Wednesday, October 26, 2011

My Times Today

I opened the on-line New York Times this morning and found that it’s too late for me to be president of IBM. This comes as a shock. Heck, I still think that with enough training I could make a Major League team, maybe as a 7th-inning relief specialist. The IBM shock is second only to the death-knell I heard the day I walked through my college library and thought, But I will never have time to read all of these books! Doors begin to close at a certain age, and I am past that age.

The same article in the Times assured me, however, that one of my daughters can run IBM. It reported that Virginia Rometty (pictured) is taking over from Sam Palmisano. As the father of two daughters, both grown now, both brilliant, I smiled over this news.

Some of my most conservative Catholic friends throw “women’s lib” into the same hand basket of hell as all the other social changes my generation has witnessed, but if it means my daughter can do what she wants to do, without violating the Commandments, then I say that women’s liberation is a good thing. The problem is not liberation of women; the problem, as always with us humans, is what we do with our freedom.  

It turns out that IBM has a “traditional retirement age for chief executives” of 60, which forced the retirement of Palmisano (60) while making way for Rometty (54). The IBM tradition ruled out not only Webster Bull (60) but also another more viable candidate, Steven Mills, an IBM insider (also 60).

Steve Jobs (56) was not in contention.

I have not read the 1,001 pieces about Jobs that have flooded the media since his death. I have been too busy using devices he spawned: my Mac G3 with the super-wide hi-def screen that makes my friends gasp when they enter my office, not to mention my MacBook Pro, my iPhone, my iPad, and my iPod. I have been living the iLife, and until Jobs’s death, I was hoping for the iBed. Now it’s probably too late.

I will not have to read Walter Isaacson’s biography of Jobs either, now that I have read Maureen Dowd’s troubling op-ed piece about it today. There’s another thing that makes my insanely conservative but treasured-for-all-that Catholic friends growl: Maureen Dowd. But I say, if reading 844 words by Dowd (I counted them, I have nothing else to do) saves me reading a 656-page book, I’ll make that bargain with the devil.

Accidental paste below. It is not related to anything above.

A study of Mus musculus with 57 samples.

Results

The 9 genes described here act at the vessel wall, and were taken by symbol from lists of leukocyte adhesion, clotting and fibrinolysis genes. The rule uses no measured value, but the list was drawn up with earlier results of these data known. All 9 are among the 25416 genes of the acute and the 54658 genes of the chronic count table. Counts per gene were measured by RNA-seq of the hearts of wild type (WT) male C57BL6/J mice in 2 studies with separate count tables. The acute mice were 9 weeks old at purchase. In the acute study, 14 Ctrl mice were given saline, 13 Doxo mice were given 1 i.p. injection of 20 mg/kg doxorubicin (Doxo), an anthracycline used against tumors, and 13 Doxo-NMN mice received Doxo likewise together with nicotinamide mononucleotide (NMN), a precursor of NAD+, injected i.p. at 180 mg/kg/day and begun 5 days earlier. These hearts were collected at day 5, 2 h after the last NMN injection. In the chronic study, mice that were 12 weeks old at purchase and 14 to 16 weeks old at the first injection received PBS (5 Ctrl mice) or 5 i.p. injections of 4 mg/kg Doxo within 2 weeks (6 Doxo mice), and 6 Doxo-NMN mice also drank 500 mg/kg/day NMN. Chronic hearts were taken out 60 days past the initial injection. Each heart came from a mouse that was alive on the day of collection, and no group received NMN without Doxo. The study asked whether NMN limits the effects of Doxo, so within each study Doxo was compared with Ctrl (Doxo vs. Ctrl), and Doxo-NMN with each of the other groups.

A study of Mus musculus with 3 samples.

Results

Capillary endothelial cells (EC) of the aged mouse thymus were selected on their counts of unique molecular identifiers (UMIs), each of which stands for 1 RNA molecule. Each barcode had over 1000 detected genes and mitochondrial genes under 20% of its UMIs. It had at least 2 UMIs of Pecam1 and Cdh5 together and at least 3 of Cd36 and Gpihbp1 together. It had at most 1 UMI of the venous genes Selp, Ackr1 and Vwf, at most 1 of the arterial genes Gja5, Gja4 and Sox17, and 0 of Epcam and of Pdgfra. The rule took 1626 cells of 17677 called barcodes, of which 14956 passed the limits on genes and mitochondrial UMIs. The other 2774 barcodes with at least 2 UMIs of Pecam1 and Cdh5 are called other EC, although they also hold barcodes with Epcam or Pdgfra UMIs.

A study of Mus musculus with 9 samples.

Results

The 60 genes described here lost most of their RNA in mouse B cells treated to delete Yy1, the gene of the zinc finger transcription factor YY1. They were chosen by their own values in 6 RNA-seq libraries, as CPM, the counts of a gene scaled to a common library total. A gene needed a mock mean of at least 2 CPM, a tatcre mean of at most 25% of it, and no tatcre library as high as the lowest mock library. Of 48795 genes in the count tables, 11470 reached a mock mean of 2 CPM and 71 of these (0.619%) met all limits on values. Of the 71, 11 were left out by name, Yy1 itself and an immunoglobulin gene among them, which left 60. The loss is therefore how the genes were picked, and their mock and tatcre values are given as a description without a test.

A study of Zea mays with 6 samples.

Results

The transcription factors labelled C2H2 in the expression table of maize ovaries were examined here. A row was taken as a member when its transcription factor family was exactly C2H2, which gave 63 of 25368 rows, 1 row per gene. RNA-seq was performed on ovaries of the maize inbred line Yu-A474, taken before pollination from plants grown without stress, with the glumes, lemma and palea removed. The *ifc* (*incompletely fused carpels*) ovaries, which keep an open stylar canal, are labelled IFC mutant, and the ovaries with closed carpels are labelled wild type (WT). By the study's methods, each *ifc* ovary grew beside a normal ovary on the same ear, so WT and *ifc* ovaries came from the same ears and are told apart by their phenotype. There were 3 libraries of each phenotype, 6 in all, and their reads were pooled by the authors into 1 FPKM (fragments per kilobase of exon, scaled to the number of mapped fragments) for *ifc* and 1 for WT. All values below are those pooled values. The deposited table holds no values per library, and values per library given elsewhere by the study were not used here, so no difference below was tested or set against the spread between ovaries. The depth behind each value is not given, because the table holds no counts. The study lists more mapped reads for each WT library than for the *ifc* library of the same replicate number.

Isaacson is a fast worker, and his publisher makes two. Steve Jobs came out 17 days after Steve Jobs died—fourteen days slower than Jesus, but still impressive.

According to Isaacson, filtered through Dowd, Jobs was Svengali in jeans. He practiced his stare. “He wanted the other person to blink first. He wanted [his stare] to be, like Dracula’s saturnine gaze, a force that could bend your will to his and subsume your reality in his.”

Jobs’s life, according to Dowd, “sounded like the darkest hell of volatility. . . . There were Rasputin-like seductions followed by raging tirades. Everyone was either a hero or bozo. As Jobs’s famous ad campaign for Apple said, ‘Here’s to the crazy ones. . . . They push the human race forward.”” And so on. Jobs was a monster who thought himself enlightened. 

Jobs was the model post-modern humanist: “He embraced Zen minimalism and anti-materialism.” Meanwhile, the mother of his first child said Jobs was “full of broken glass.” And unlike IBM today, “He could be hard on women.”

The sad tale continues, but I have heard enough. No, I am not selling my iPhone, but again I am reminded to keep my grandiosity in check. The American dream, 2011 edition—to be the next Steve Jobs—is a nightmare.

Although being Tony LaRussa yesterday might be worse. Did you read about Phonegate? That’s all covered in today’s Times as well. Because the landlines connecting the Cardinals dugout and the bullpen were unreliable, the St. Louis manager made two unfortunate pitching changes in Monday night’s Game Five. You may see him using an iPhone in Game Six. Or an IBM laptop with instant messaging.

There was one other article in today’s Times that caught my attention. China has decided to lead the world in desalination, because God knows they’re going to run out of fresh water one of these days. My only question is, what happens when the oceans run dry? We’re running out of everything else—oil, clean air, common sense. Can saltwater be far behind?

As long as we keep the faith, I guess, we’ll be fine.

My friend Carol messaged me last night to say that she is enjoying my recent “random posts.” I guess she meant this one, and probably this one, not to mention this one.

Now we can add this one.

When you have nothing to say, say something anyway.